Colloquia and Seminars
Amherst College hosts a number of special colloquia and seminars that enhance the intellectual life of the college. Some involve invited participants, and many offer programming that is open to the wider college community and the public.
- The Bruss Seminar is part of the Bruss Memorial Program, established in memory of Professor Elizabeth Bruss, and includes the Bruss Readership. Members of the Amherst faculty are appointed to the readership for two- or three-year terms, and it is rotated among the academic disciplines in order to promote curricular change, specifically the expansion of offerings that include the study of women. Bruss readers serve as a resource for faculty colleagues, contribute to the revision of departmental offerings, and teach the Bruss Seminar on topics of their choice. Read about Martha Saxton, Professor of History and Women’s and Gender Studies and Elizabeth W. Bruss Reader.
- Kenan Colloquia: The William R. Kenan, Jr. Professorship is awarded to members of the Amherst faculty for a three-year term in recognition of distinguished scholarship and teaching. Kenan Professors devise a colloquium or seminar, usually interdisciplinary in nature, to be taught in conjunction with one or more junior faculty members. C. Rhonda Cobham-Sander, William R. Kenan, Jr. Professor of Black Studies and English, is offering a Kenan Colloquium, (KENA-424) this fall. It is titled Giving.
- Mellon Seminar: The Andrew W. Mellon Professorship is awarded for a three-year period to members of the Amherst faculty in recognition of scholarship and teaching that transcends normal disciplinary lines. Mellon Professors contribute to the continuing process of curriculum revision and revitalization by developing courses or colloquia that explore new ways to teach and learn within the professors’ areas of interest and inquiry. See current Mellon Seminars, and read about Jeffrey B. Ferguson, Andrew W. Mellon Professor of Black Studies and American Studies, and Jerome Himmelstein, Andrew W. Mellon Professor of Sociology.
- Mellon Tutorials: Amherst is conducting a three-year pilot project supported by the Andrew W. Mellon Foundation. Amherst will develop and offer a series of experimental tutorials, small-group experiences based on the research of our colleagues.
- The Pick Colloquia are part of the Pick Readership, established in 1999 by Thomas and Sue Pick to encourage the inclusion of courses in environmental studies in Amherst’s curriculum. Faculty members are appointed Pick Readers for three years, during which they coordinate lectures and panel discussions on environmental themes and organize one or two interdisciplinary colloquia on the environment each year. See current Pick Colloquia.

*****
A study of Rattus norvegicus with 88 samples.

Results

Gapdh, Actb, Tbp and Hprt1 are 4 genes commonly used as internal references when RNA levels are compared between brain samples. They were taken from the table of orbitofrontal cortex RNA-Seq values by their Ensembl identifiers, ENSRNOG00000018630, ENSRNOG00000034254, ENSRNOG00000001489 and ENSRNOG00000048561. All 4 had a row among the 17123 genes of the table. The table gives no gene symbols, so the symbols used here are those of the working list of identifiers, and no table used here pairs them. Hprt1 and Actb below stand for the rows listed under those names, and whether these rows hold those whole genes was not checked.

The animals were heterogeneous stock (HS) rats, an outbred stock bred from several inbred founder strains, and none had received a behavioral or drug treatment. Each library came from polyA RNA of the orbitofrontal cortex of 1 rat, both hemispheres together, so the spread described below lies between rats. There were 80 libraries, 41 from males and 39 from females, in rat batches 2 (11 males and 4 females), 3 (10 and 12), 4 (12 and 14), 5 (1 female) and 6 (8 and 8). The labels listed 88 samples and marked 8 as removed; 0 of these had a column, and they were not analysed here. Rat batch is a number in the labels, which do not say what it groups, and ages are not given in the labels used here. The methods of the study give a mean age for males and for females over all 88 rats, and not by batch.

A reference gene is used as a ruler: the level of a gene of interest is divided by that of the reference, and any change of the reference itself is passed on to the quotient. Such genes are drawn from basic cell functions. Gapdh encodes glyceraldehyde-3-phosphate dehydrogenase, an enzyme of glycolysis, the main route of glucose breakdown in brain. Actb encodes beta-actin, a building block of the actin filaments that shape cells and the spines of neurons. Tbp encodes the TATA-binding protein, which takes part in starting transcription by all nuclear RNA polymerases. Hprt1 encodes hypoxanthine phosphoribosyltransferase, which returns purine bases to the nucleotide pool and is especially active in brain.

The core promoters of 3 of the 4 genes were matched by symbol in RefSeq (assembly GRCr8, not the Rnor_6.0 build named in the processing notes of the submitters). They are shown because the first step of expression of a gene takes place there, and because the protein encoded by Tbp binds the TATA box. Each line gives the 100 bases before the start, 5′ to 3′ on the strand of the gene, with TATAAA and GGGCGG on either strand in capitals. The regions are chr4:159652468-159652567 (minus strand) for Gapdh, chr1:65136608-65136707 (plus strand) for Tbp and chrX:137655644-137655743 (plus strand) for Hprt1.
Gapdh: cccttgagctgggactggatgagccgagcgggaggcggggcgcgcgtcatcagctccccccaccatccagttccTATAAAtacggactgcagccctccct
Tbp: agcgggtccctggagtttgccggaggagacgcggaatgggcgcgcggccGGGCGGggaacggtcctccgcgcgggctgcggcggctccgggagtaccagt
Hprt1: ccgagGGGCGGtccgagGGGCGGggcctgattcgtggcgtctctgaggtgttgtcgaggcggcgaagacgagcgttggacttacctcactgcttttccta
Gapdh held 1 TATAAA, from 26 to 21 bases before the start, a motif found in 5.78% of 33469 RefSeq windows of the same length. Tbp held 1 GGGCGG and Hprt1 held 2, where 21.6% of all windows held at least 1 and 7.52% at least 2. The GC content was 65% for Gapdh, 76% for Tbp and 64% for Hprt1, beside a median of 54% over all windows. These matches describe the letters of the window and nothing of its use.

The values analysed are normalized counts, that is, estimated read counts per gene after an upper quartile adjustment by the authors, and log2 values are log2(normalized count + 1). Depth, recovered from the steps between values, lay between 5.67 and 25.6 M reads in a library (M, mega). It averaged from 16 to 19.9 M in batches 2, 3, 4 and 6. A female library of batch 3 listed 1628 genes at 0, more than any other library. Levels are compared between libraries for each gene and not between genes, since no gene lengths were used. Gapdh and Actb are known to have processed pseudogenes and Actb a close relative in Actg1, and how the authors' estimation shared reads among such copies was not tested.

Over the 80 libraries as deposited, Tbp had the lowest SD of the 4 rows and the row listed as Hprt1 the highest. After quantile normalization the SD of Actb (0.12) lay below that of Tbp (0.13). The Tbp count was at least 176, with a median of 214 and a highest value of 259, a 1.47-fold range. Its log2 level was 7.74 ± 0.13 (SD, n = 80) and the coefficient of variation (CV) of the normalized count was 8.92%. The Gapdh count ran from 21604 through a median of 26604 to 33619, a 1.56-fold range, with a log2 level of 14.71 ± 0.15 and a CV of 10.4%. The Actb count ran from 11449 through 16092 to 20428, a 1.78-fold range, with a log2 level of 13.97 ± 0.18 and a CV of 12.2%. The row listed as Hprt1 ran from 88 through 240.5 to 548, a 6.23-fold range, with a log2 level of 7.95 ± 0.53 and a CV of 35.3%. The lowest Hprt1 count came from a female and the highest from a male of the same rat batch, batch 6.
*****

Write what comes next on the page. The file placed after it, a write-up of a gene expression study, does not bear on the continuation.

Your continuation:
First-year seminars are courses taught by one or more faculty members to introduce students to liberal studies through innovative and often interdisciplinary approaches. Learn more about first-year seminars and see a list of current seminars.
- Established in 2009 in honor of Gerald R. Fink ’62, the annual Fink Bioscience Symposium enables students who aspire to careers in health care policy, medicine and bioscience research to interact with Amherst alumni who are leaders in these fields.
- Throughout the school year, Amherst offers the College Colloquium Series, which features renowned speakers taking divergent positions on prominent social, political and global issues. Each colloquium includes two days of lectures with the speakers, and culminates in an open forum that is free and open to the general public.
- The Copeland Colloquium provides small groups of scholars, artists and performers the opportunity to explore a common theme in residence at Amherst College in colloquy with each other, Amherst faculty and Amherst students.
- The Colloquium on the American Founding seeks to preserve at Amherst the teaching of the American Founders and Lincoln on “natural rights.”
- The Colloquium on the Constitution and the Imagining of America is sponsored by the department of Law, Jurisprudence, and Social Thought.
Colloquia are interdisciplinary courses not affiliated with particular departments. Whether colloquia are accepted for major credit by individual departments is determined for each colloquium separately; students should consult their major departments. See current special seminars and colloquia.